New recommendations for the use of disease-modifying antirheumatic drugs (DMARDs) and biologic agents in the treatment of patients with rheumatoid arthritis (RA) have been released by the American College of Rheumatology (ACR). The guidelines, an update to the ACR's 2008 recommendations, address the issues of initiating and changing drug therapies, screening for tuberculosis (TB) reactivation, immunization, and the use of biologic agents in patients at high risk for RA.
The 2012 recommendations for DMARDs and biologic agents focus on the following 4 updated sections:
• Indications for the use and changing of DMARDs and biologic therapies.
• The use of biologic agents in patients with RA at high risk for hepatitis, cancer, or congestive heart failure.
• Screening for TB in patients with RA who are starting or receiving therapy with biologic agents.
• Vaccination in patients who are starting or receiving therapy with DMARDs or biologic agents.
Although the recommendations for DMARD and biologic treatment provide a guide for rheumatologists who care for patients with RA, they should not be used to replace physician-patient discussions and clinical decisions that take into account assessments of risk and benefits, patient preferences, and economic considerations, it was noted. The authors suggested that the goal for each patient with RA should be a low disease activity level or remission but that each patient's therapy target should be specific to his or her health needs.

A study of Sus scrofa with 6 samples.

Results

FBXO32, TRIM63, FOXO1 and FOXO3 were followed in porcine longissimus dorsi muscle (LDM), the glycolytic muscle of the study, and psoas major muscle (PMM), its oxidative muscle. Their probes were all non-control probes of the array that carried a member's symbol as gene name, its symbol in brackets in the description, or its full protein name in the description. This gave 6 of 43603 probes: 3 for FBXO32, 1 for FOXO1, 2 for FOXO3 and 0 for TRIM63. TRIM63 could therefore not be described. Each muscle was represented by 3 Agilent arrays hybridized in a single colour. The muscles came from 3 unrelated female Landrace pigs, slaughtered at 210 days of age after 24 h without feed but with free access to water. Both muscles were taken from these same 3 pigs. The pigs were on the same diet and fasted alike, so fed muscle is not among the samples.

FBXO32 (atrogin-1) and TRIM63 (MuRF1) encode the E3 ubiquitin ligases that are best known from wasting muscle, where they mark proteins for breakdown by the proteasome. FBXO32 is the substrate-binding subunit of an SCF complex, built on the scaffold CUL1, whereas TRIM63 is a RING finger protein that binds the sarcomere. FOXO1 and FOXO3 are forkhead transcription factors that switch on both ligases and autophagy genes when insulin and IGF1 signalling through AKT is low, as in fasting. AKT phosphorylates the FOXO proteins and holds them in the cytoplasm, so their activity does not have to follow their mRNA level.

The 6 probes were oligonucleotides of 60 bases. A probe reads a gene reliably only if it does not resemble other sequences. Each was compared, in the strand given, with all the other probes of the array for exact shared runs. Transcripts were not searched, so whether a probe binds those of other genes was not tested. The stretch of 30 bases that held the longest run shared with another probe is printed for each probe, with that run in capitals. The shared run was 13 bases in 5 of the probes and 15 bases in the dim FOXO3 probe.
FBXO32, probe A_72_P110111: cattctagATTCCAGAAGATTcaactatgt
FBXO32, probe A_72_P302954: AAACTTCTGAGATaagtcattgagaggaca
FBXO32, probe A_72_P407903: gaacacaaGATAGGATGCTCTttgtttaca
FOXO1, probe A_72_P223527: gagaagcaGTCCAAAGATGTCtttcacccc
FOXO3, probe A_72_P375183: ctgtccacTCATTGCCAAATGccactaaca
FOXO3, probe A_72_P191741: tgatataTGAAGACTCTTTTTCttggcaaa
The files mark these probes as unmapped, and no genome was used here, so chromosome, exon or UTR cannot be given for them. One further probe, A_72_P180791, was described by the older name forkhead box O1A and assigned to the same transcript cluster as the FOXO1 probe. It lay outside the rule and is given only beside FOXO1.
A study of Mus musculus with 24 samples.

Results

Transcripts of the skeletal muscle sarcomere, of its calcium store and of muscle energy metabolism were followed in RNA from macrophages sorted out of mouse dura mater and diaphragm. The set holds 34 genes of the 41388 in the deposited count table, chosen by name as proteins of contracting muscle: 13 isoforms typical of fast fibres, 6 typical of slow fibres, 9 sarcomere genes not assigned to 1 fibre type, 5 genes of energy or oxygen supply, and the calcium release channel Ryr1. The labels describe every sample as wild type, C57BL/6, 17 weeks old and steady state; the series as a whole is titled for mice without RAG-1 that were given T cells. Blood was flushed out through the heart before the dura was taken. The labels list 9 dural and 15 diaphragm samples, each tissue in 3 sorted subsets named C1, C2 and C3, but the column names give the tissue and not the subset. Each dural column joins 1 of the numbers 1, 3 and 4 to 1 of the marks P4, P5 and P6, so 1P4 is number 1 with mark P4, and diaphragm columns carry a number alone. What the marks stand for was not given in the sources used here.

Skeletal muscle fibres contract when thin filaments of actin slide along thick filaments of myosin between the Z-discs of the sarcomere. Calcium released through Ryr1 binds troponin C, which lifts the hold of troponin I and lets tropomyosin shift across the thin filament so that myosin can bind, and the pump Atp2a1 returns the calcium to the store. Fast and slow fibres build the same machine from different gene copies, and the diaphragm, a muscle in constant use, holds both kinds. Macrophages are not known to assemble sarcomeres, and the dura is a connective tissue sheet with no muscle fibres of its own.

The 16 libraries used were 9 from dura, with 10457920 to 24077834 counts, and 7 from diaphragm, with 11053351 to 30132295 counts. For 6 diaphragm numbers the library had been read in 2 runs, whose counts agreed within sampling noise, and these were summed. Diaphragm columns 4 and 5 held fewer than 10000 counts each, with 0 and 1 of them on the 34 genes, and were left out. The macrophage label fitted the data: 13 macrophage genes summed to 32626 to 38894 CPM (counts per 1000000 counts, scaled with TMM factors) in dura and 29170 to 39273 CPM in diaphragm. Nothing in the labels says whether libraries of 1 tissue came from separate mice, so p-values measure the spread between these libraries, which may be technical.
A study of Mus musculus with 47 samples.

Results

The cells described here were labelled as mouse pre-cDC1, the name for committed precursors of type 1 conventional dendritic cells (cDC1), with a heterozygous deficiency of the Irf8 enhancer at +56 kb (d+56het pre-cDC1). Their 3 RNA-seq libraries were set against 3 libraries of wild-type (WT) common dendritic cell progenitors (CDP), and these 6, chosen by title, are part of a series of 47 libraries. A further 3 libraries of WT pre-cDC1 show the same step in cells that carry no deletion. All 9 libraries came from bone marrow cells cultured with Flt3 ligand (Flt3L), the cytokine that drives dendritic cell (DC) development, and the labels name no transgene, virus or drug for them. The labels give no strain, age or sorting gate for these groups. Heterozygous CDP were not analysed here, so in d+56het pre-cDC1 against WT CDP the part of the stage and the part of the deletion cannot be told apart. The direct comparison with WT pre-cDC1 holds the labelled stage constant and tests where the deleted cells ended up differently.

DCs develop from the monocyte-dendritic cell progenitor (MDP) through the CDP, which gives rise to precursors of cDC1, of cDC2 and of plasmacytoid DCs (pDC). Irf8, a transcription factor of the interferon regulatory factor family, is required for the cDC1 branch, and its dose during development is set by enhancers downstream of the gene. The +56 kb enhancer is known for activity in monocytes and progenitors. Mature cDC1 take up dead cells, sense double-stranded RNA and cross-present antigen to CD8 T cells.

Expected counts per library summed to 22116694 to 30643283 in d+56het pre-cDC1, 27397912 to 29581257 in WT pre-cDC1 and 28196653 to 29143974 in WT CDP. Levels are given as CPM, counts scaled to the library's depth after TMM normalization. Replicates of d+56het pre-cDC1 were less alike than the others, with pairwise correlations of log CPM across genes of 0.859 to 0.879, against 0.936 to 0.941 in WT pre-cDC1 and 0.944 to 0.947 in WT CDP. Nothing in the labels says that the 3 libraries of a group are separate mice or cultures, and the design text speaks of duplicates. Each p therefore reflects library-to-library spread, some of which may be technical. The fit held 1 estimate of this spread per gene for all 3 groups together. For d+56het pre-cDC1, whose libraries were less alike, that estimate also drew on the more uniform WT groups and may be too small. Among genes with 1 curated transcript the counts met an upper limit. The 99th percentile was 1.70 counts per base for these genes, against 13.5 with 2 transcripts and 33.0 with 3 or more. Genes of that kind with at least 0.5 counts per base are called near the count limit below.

One change from the 2008 guidelines is a recommendation for more aggressive treatment in patients who have early RA within 6 months of the onset of symptoms. The suggested change to more intensive early therapy is based on the notions that earlier treatment may provide better outcomes; that joint damage in RA is irreversible, making prevention of damage an important goal; and that preserving physical function and health-related quality of life is necessary to reduce disability.
With many advances in RA therapies since 2008, updating recommendations that help guide rheumatologists in treating patients who have RA and are receiving DMARDs or biologic therapies is important, it was noted. The guidelines were published in Arthritis Care & Research, an ACR journal. You can also find a PDF of the updated guidelines on the ACR website.
For highlights of new features in the guidelines, listen to a brief recorded interview with the principal investigator of the update process, Dr Javinder Singh.